Background: Adults with primary brain tumors and their caregivers have significant information needs. This review assessed the effect of interventions to improve information provision for adult primary brain tumor patients and/or their caregivers.
Methods: We included randomized or non-randomized trials testing educational interventions that had outcomes of information provision, knowledge, understanding, recall, or satisfaction with the intervention, for adults diagnosed with primary brain tumors and/or their family or caregivers. PubMed, MEDLINE, EMBASE, and Cochrane Reviews databases were searched for studies published between 1980 and June 2014.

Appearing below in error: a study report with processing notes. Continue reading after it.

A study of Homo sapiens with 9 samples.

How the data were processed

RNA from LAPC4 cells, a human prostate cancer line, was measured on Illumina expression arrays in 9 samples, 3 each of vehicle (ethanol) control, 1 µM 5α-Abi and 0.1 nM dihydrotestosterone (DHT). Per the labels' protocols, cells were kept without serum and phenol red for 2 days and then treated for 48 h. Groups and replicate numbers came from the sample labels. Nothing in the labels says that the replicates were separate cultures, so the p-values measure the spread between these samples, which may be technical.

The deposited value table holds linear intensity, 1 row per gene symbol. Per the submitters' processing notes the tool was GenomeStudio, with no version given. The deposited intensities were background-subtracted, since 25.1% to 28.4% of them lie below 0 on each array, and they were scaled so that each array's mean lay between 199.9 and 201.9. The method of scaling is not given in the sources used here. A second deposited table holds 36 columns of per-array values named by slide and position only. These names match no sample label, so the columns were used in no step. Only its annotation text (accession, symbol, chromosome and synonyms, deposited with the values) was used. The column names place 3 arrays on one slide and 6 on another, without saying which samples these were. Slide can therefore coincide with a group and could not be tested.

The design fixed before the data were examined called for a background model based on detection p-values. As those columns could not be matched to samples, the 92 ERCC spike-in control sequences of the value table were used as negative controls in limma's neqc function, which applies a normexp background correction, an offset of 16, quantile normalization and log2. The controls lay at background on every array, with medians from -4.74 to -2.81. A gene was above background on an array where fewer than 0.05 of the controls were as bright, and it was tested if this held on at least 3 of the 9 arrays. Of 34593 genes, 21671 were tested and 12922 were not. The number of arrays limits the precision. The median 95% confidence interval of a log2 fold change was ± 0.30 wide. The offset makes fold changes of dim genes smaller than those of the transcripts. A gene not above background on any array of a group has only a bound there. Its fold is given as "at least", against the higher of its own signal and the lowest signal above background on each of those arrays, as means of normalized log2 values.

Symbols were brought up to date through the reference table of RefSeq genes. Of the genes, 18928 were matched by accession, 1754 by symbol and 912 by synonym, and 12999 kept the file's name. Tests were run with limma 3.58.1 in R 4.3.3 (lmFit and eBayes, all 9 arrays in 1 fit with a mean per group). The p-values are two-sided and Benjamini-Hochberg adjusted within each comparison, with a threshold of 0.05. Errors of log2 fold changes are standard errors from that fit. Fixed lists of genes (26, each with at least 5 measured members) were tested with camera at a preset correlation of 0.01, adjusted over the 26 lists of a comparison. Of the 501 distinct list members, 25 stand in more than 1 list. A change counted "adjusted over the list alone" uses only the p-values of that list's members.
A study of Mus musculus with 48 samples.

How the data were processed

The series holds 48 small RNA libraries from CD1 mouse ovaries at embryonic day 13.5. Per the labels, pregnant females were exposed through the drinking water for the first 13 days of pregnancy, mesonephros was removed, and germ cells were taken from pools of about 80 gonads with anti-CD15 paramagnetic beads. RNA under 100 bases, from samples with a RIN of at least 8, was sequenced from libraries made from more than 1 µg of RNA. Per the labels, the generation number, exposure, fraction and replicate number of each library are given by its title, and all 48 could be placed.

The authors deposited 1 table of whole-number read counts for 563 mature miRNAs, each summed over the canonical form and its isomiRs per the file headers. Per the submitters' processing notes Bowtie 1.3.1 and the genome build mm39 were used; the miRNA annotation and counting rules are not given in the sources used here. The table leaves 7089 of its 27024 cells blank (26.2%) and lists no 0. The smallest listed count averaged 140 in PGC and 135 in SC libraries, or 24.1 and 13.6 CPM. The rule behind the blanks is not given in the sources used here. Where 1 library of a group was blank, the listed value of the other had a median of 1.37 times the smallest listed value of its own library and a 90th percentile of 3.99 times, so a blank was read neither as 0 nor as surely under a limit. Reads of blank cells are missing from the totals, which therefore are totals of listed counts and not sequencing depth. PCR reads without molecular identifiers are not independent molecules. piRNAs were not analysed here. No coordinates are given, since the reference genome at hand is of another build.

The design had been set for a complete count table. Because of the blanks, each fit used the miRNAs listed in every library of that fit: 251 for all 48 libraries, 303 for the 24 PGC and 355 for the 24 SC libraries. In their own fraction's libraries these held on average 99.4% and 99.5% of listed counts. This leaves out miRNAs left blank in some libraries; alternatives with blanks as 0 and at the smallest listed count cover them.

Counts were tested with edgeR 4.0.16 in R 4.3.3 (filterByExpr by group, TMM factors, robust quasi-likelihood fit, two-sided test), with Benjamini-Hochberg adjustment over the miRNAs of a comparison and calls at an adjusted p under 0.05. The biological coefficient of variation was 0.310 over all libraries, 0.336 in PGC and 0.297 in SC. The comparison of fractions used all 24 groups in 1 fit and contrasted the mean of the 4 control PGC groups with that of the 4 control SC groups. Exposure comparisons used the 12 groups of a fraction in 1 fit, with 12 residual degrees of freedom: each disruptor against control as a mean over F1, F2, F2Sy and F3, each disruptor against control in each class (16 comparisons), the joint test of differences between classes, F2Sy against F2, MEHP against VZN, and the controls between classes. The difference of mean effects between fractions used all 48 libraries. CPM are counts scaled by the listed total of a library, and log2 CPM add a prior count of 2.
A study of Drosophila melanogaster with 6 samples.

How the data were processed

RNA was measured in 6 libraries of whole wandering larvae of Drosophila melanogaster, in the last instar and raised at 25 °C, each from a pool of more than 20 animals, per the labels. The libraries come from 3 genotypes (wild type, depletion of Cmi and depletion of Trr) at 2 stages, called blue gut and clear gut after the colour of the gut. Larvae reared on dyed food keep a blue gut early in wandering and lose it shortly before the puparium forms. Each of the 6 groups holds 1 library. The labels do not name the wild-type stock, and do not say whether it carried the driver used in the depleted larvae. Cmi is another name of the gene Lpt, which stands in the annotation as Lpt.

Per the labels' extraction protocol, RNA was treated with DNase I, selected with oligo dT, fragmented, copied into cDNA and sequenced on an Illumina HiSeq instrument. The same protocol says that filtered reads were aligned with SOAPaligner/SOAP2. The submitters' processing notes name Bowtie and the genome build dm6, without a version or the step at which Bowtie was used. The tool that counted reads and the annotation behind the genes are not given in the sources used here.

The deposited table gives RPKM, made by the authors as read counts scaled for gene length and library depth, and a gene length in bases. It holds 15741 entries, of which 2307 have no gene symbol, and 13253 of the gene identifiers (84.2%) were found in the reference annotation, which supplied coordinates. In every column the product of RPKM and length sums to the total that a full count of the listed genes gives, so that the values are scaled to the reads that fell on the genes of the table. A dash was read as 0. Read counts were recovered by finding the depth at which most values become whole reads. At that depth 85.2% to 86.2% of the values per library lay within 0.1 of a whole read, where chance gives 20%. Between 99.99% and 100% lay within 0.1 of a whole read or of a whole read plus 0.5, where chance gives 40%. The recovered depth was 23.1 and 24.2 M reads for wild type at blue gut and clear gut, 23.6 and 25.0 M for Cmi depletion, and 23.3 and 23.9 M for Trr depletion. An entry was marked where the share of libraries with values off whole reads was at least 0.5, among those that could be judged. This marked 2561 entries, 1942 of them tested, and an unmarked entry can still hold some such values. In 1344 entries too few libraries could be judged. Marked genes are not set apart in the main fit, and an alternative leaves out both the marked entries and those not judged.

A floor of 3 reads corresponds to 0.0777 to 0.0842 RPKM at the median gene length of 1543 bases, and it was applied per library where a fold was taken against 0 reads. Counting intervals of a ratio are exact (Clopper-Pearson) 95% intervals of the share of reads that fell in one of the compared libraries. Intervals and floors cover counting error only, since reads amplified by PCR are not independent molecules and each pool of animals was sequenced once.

Results: Two randomized controlled, 1 non-randomized controlled, and 10 single group pre-post trials enrolled more than 411 participants. Five group, four practice/process change, and four individual interventions assessed satisfaction (12 studies), knowledge (4 studies), and information provision (2 studies). Nine studies reported high rates of satisfaction. Three studies showed statistically significant improvements over time in knowledge and two showed greater information was provided to intervention than control group participants, although statistical testing was not performed.
Discussion: The trials assessed intermediate outcomes such as satisfaction, and only 4/13 reported on knowledge improvements. Few trials had a randomized controlled design and risk of bias was either evident or could not be assessed in most domains.
Keywords: brain tumor; caregivers; doctor–patient communication; information; neuro-oncology.